What is it?
This Kia Picanto is potentially the last of a dying breed, if we’re being honest (and perhaps a bit dramatic).
The humble value-orientated city car has been on its way out for several years, meaning similarly diddy and affordable combustion-powered competitors for this facelifted version of Kia’s diminutive Picanto are now limited, essentially, to the closely related Hyundai i10, the endangered Volkswagen Up, the Fiat Panda and the Suzuki Ignis.
Each of those has been subject to a fairly comprehensive overhaul in the not-too-distant past, but this third-generation Picanto is still relatively fresh from the oven, so it receives only subtle tweaks for this round of updates. Design changes are reserved for the range-topping GT-Line and jacked-up X-Line cars, with the humble standard car making do with new personalisation options, a larger and slicker infotainment display (on applicable trims) and added safety kit.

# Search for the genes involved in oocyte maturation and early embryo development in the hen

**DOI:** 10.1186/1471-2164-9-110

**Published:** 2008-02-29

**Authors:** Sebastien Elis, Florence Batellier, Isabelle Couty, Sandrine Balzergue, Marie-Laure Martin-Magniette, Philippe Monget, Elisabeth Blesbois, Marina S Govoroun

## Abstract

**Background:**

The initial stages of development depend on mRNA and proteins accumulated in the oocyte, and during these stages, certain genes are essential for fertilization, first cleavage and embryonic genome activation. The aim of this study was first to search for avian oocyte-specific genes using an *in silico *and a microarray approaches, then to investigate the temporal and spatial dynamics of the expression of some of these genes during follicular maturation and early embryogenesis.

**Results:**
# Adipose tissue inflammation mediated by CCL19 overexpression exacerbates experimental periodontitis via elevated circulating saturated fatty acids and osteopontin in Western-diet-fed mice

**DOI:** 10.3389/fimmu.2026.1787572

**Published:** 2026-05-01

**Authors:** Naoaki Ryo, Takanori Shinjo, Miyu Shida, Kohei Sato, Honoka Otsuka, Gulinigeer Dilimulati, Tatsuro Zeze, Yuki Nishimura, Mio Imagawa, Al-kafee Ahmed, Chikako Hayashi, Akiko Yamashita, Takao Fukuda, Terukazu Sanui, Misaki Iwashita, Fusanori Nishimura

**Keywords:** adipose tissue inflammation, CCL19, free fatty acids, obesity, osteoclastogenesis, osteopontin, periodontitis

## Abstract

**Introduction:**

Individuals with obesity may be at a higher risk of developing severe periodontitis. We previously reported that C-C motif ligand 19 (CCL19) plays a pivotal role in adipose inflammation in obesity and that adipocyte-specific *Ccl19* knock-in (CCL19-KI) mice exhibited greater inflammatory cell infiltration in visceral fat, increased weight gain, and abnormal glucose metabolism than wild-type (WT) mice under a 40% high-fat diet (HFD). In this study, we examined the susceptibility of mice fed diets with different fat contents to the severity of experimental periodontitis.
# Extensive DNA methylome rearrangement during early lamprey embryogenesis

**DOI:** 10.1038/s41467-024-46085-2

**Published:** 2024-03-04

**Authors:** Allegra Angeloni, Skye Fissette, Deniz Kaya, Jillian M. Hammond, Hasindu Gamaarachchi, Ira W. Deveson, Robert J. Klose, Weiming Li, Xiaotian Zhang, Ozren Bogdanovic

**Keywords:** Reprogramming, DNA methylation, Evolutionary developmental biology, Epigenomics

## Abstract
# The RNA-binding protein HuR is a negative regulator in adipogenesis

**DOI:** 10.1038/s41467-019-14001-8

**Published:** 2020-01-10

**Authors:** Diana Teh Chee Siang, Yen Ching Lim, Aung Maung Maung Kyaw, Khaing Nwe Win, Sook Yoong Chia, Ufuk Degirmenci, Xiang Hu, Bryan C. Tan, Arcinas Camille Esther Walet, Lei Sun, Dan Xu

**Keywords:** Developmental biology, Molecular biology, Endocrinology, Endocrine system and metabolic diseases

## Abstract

More significant are revisions to the powertrain line-up. The old 1.2-litre naturally aspirated engine has been swapped out for a smaller 1.0-litre three-cylinder unit on all but the range-topping GT-Line and GT-Line S cars, which gain a zingier 99bhp turbo triple. The optional four-speed automatic gearbox is gone, too, making way for a new five-speed ‘automated manual’ unit which, if you’ll allow the tenuous and generous link, operates a bit like the old BMW M3’s SMG ’box (in principle, at least), although the five-speed manual remains an option at all levels.
Trims follow Kia's eminently sensible naming strategy: entry-level 1 keeps things simple with 14in steel wheels, keep-fit rear windows and black plastic body trim, while 2 trim brings a touch of chrome, electric mirrors and more ostensibly upmarket interior materials. Our test car was specified in mid-rung 3 trim, which brings such luxuries as LED indicators, colour-coded exterior trim, 15in alloy wheels, cruise control and automatic air conditioning.